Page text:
Twice a year, Munich Olympiapark becomes a township of tents and stages for the Tollwood Festival. The summer event takes place for 25 days over June and July, and in the winter, it starts at the end of November, offering cultural events in the lead-up to New Year’s Eve at the same place where Octoberfest is organized. Together, the events attract more than one million visitors.
What exactly is Tollwood Festival?
In the summer, Tollwood Festival consists of performance theatre, concerts with stars from the international rock and jazz scene and performances by local and regional bands and artists. In the theatrical area, Tollwood Festival is renowned for presentations of physical theatre, performance and nouveau cirque.
As its website explains, Tollwood Ltd. is a private company for cultural and environmental activities, operating both a profit and a non-profit branch. The ‘Market of Ideas’ finances the majority of cultural activities and ecological projects by renting and leasing out market stalls, a financial structure that allows the organisers to offer free admission to more than 70 per cent of all events.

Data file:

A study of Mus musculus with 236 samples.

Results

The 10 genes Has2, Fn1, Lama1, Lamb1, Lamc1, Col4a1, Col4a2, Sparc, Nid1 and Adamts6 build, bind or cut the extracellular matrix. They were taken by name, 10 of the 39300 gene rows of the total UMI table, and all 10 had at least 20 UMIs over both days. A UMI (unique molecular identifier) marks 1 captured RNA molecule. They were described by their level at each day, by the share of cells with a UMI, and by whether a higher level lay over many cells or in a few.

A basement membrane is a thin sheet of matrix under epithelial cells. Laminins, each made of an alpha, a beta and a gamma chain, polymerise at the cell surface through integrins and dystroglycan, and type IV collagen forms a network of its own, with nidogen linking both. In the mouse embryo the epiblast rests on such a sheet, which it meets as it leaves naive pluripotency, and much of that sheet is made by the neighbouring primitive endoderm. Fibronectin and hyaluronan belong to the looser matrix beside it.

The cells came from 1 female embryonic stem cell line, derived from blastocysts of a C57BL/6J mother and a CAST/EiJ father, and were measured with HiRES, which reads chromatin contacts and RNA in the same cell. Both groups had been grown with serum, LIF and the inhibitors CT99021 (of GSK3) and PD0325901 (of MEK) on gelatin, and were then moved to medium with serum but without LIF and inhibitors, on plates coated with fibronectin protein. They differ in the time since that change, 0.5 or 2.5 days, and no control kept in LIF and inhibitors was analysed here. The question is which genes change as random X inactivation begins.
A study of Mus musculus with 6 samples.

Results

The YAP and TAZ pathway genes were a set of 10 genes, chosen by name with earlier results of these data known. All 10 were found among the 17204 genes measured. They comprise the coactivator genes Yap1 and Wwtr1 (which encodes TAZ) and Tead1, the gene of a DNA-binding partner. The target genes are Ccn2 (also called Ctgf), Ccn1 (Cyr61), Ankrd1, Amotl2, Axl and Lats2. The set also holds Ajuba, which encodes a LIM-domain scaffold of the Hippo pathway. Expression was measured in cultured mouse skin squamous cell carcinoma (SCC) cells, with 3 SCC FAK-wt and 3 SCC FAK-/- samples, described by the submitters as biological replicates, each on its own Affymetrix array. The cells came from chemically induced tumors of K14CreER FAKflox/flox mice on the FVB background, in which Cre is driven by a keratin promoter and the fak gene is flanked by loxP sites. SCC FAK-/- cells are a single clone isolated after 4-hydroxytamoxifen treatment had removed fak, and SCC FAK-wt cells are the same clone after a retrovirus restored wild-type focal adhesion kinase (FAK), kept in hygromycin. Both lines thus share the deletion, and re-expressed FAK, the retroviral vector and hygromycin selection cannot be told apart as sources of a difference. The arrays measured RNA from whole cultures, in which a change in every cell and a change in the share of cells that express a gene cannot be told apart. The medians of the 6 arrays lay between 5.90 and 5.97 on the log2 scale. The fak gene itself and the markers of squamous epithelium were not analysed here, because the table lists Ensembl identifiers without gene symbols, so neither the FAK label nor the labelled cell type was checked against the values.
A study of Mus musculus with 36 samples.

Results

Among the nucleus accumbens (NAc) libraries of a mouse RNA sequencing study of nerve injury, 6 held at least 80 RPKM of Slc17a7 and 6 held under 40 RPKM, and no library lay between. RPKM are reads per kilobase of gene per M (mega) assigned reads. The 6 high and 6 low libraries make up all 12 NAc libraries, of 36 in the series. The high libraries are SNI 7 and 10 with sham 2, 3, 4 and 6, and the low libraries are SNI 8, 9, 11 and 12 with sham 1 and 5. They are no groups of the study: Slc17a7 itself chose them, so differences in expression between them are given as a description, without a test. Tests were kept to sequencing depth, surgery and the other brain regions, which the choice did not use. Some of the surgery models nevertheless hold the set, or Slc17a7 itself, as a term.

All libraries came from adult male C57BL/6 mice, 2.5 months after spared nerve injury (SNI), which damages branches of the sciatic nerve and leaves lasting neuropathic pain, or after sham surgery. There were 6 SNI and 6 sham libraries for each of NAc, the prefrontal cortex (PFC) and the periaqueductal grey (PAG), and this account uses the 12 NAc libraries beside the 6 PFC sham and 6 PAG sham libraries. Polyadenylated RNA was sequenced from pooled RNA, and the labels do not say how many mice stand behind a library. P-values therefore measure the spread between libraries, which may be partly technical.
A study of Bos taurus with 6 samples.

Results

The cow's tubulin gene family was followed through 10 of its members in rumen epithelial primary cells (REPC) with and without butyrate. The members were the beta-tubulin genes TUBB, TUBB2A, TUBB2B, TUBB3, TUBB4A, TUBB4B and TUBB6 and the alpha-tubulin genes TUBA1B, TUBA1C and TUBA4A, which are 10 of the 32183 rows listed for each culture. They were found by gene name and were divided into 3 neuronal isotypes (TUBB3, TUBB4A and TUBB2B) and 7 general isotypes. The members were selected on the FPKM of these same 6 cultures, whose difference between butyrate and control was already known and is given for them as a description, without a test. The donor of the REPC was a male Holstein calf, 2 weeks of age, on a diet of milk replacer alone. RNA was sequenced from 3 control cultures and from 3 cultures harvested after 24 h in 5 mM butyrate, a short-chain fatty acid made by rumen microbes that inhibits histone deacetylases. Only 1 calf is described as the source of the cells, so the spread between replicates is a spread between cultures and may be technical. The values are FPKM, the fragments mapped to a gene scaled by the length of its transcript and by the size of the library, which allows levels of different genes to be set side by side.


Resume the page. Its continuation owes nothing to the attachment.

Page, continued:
The first Tollwood Festival took place in the summer of 1983 at Munich Olympiapark. In 1991, the first Winter Festival followed. Organisers highlight that ‘tolerance, internationality and openness are the keystones of the festival’.
The reason of my trip to Munich
I was so intrigued by the idea of a modern-day hippie festival that I decided for the first time ever to travel to Munich to have a look. Of course, Munich offers many attractions, but for me Tollwood Festival was the main drawcard. So I selected some dates for travel and booked a hotel next to the tram route which leads close to the Olympia Park.
When I walked to the Olympia Park, I realized this was a huge thing, with a lot of people everywhere, art installations and a certain hippie feeling. The cultural programme is designed to suit everyone, but mostly it attracted families and slightly older folks. I chose to see a few musical acts. In particular, Glam Band, playing in one of the bigger tents, had a hilarious 1970s sound.
The mixture of village market, beer garden and hippie festival
Luckily, the weather during my visit was beautiful and even quite hot. From time to time, a strong wind stirred up dust clouds and there was almost a Burning Man feeling. Everyone seemed to be carrying a pint of beer, but at I didn’t see any drunks in the area. Although I was too young to live through the original hippie time of the early 1970s, I could see that the Woodstock ethos of peace, love and understanding was still breathing strongly, only in its new form.